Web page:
Why is it that some fleets only become concerned about fuel economy when fuel prices are high?
That seems short sighted to me. Regardless of the cost, fuel represents a significant operational cost for every fleet. It's also a cost that can be managed.
The good news is that when it comes to improving fuel economy there are a variety of paths to success. Regardless of duty cycle, fleets have a host of options to choose from when trying to improve their fuel efficiency. For one fleet that answer might be adding chassis skirts. For another it might be the addition of tire pressure monitoring systems. For a third it might be switching to aluminum wheels.
Royal Jones, president and CEO of Mesilla Valley Transportation, suggests fleets explore fuel saving devices to see what works in their operation. “You have the ability to lower [the cost of fuel you consume] not by going to the customer and charging more, not by paying your drivers less, not by buying a cheaper truck, but just by taking away operating costs.”
His advice seems pretty straightforward.
Importantly, the time to start working to lower fuel costs is now because it takes time to implement new technology. The sooner you begin determining what works for your specific application the sooner you can start reducing fuel costs.
Even if you are not ready to take big steps, there are incremental steps you can take that will lead to better miles per gallon. It's important to remember that every1% fuel savings equals four days per year you don't have to buy fuel — 8% is a month of free fuel.
Steps fleets can take to improve fuel economy
• Add trailer aerodynamics. We've seen 13 gal/1,000 miles travelled (0.9 MPG) improvement in fuel economy at 65 mph from an ordinary box van when aerodynamic devices were added.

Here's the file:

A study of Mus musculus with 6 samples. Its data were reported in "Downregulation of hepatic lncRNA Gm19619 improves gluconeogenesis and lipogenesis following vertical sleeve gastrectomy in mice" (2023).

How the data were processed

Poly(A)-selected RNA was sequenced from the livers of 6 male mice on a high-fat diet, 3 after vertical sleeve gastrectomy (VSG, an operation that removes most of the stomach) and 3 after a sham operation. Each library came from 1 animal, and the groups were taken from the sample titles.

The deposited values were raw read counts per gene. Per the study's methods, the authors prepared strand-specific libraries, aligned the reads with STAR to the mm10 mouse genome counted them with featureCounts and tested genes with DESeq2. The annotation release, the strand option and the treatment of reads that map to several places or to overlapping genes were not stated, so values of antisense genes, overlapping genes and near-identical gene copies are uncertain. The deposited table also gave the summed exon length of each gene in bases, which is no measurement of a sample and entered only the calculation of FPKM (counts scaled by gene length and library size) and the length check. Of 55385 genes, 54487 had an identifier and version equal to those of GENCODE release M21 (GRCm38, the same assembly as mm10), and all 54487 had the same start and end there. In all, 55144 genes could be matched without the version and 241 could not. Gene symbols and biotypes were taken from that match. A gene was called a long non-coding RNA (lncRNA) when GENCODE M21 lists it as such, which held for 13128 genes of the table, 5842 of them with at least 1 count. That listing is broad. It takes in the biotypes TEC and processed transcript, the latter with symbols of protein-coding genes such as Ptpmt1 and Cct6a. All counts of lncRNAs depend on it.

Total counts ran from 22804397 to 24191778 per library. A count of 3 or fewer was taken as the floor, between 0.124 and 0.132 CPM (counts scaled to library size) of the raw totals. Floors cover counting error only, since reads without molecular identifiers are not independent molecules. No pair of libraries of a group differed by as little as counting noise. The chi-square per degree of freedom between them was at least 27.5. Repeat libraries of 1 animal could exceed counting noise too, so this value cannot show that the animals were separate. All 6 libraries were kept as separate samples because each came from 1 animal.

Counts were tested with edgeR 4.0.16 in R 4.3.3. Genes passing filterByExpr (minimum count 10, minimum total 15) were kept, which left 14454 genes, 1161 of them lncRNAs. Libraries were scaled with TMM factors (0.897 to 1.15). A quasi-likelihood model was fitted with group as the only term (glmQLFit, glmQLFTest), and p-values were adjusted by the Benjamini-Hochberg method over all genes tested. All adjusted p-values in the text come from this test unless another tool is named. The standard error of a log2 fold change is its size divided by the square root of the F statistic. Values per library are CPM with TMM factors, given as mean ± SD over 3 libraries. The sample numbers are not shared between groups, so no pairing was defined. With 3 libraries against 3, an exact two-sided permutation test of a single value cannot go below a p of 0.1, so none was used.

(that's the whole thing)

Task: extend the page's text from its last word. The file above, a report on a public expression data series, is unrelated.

• Switch to low rolling resistance tires. We have seen up to 8 gal/1000 miles (0.55 MPG) improvement between top SmartWay-approved tires and 12 gal/1000 miles (0.85 MPG) comparing to retreads. Unlike aerodynamic devices, this translates for any speed whether you're city or over the road.
• Move to synthetic engine oil. There have been up to 3% improvement in fuel economy going to a thinner synthetic oil. If you run a thicker oil in your fleet because of older engines, do a cost evaluation to determine if having two oils is worth the extra work.
• Upgrade your axle oil. We consistently see up to 1 gal/1000 miles (0.06 MPG) improvement with upgraded oil.
• Set cruise control parameters. Properly set cruise control parameters have resulted in a 0.5 MPG improvement — without going slower
Well-informed fuel economy decisions can save thousands of dollars per tractor or trailer over the lifetime of the asset. Investments in fuel-saving technologies are extremely profitable for fleets — especially today with record high fuel costs, but even when fuel costs are lower. I don't think there is any other investment a fleet can make that is as profitable as finding ways to save fuel.
As Jones puts it, “Why wouldn't you want to save on fuel?”